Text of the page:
Airline tickets could make you a target for hackers
Heading into the holidays, you might be catching a flight, but you should be careful with your boarding pass. The barcodes on them can sometimes contain more of your personal information than you realize. Experts say they can not only contain your flight details but a treasure trove of your personal information, leaving you vulnerable to hackers.
Using a personal boarding pass and a barcode reader downloaded to his cellphone, Andrew Von Ramin Mapp with Data Analyzers pulls up his information. He says what's most troubling is that he pulled up his frequent flyer account number in seconds. Von Ramin Mapp says that number can unlock the door for someone to drain your frequent flyer miles from your account, alter your travel plans, and worse.
"If a credit card is tied to that they may also be able to access the relevant information for that," Von Ramin Mapp explained.
How much of your information is in the barcode varies from airline to airline. Von Ramin Mapp stopped a few people at the airport and asked to see their boarding passes, which he scanned with an iPhone. He saw not only their names, but flight confirmation numbers and sometimes frequent flier account numbers.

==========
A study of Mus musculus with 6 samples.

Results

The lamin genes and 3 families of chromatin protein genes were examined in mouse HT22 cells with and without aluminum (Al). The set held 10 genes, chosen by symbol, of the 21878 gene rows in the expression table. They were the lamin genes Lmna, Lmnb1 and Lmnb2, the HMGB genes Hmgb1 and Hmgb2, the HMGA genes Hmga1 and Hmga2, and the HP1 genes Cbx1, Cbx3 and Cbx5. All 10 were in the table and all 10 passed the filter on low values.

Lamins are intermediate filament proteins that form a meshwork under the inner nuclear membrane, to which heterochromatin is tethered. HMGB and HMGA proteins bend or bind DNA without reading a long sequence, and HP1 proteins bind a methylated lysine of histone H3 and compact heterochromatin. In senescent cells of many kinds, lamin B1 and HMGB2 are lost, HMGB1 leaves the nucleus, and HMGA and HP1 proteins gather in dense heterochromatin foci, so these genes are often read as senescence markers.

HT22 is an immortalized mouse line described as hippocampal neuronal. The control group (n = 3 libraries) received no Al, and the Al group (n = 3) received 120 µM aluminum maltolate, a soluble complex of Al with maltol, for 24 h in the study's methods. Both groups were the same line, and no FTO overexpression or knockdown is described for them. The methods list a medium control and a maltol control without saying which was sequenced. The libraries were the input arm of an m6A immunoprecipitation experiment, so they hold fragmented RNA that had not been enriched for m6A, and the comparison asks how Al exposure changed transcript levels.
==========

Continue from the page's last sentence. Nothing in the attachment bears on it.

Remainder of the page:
It's why posting pictures of your boarding pass online is not a good idea. We watched Von Ramin Mapp take a picture of his boarding pass and then print that picture. Even from the copy, he can still get the information from the barcode. Someone can do the same thing with that photo you post on social media.
"Keeping those barcodes secured and your boarding pass secured is definitely something that people should be consciously aware and keep in mind," Von Ramin Mapp said.
Experts say a more secure approach is to have the boarding pass sent to your phone and delete it when you're done.